If you live in an organized community, you likely have a list of covenants, conditions, and restrictions (CCRs) that you must agree to follow if you are to remain a resident in the neighborhood. The goal of a home owner's association in applying CCRs is to preserve, protect, and enhance the value of the properties within the community. If your neighbor drops a 5-ton pink boulder in the middle of his front yard, he'll likely be told to remove it. The fact that it has a striking resemblance to Elvis won't matter. It threatens the market value of every home on the street, including yours.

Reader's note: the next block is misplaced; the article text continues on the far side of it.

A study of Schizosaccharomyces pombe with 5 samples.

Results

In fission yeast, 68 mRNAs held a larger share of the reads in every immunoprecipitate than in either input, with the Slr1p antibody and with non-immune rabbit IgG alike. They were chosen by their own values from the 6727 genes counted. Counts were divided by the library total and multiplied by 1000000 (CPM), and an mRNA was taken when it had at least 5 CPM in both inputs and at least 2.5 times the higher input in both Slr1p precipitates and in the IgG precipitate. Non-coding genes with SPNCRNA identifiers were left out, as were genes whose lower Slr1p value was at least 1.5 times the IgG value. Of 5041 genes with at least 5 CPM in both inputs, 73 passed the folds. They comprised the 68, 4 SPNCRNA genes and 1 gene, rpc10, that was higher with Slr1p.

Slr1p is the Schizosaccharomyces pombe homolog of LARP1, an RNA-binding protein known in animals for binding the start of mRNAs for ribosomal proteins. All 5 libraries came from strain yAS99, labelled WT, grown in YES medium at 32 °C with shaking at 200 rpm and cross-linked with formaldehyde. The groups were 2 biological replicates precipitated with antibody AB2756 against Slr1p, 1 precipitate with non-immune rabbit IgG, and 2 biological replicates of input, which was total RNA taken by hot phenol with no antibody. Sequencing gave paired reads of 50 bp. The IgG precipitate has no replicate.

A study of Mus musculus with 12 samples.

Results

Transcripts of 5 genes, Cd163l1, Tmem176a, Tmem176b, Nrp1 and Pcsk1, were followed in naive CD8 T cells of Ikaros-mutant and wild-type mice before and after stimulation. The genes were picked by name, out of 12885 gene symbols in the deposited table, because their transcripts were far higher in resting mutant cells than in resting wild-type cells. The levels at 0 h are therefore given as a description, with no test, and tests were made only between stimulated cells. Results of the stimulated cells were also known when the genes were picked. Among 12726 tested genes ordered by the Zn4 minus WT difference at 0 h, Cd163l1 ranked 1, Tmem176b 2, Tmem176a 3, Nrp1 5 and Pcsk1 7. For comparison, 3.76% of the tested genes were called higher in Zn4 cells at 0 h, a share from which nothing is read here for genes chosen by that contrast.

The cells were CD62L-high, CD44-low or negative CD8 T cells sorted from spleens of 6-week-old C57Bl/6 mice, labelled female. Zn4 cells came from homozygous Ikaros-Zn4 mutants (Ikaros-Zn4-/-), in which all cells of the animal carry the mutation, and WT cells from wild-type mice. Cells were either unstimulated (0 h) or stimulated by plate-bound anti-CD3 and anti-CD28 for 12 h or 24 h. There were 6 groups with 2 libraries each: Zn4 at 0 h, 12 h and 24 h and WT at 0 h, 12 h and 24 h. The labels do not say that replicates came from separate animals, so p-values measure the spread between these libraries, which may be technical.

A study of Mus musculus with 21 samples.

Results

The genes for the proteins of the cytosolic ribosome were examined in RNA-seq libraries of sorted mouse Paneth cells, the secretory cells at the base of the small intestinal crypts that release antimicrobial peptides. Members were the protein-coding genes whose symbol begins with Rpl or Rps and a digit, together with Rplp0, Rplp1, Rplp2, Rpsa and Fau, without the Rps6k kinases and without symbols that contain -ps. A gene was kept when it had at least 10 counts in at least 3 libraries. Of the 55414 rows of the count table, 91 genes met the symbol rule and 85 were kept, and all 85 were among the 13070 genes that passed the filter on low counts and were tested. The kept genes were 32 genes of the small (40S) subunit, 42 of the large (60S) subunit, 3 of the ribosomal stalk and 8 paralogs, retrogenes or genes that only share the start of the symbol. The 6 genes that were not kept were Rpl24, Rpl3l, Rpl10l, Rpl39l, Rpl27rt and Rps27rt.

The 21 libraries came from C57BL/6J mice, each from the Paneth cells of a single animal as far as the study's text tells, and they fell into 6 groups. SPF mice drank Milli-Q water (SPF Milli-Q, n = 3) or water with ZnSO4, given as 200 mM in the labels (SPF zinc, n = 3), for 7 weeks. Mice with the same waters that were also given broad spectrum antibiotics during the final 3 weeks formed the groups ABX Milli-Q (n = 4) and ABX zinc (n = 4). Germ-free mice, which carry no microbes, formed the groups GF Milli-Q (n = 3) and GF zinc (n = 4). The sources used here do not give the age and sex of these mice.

As an empowered healthcare manager, you have CCRs to enforce with your staff. Some call them policies and procedures. When someone on your staff gossips, do you take action? What if they're late every day? Or bully the new phlebotomist? Do you take the same action against policy violators on your staff as you would against your neighbor with the pink rock that looks like Elvis? Do you hold them to your CCRs? If not, why not?
The undisciplined insubordinate employee is threatening something far more valuable than your home. Every time you opt out of applying discipline, you've allowed an individual to diminish you as a manager, which in turn diminishes your value to your employer.
When you start looking the other way, it's a slippery slope. Before you know it, you're at the bottom of the slide and your administrators start wondering why you're occupying a management position. The next thing you know you have a staff full of pink Elvises, and you've been demoted to join them.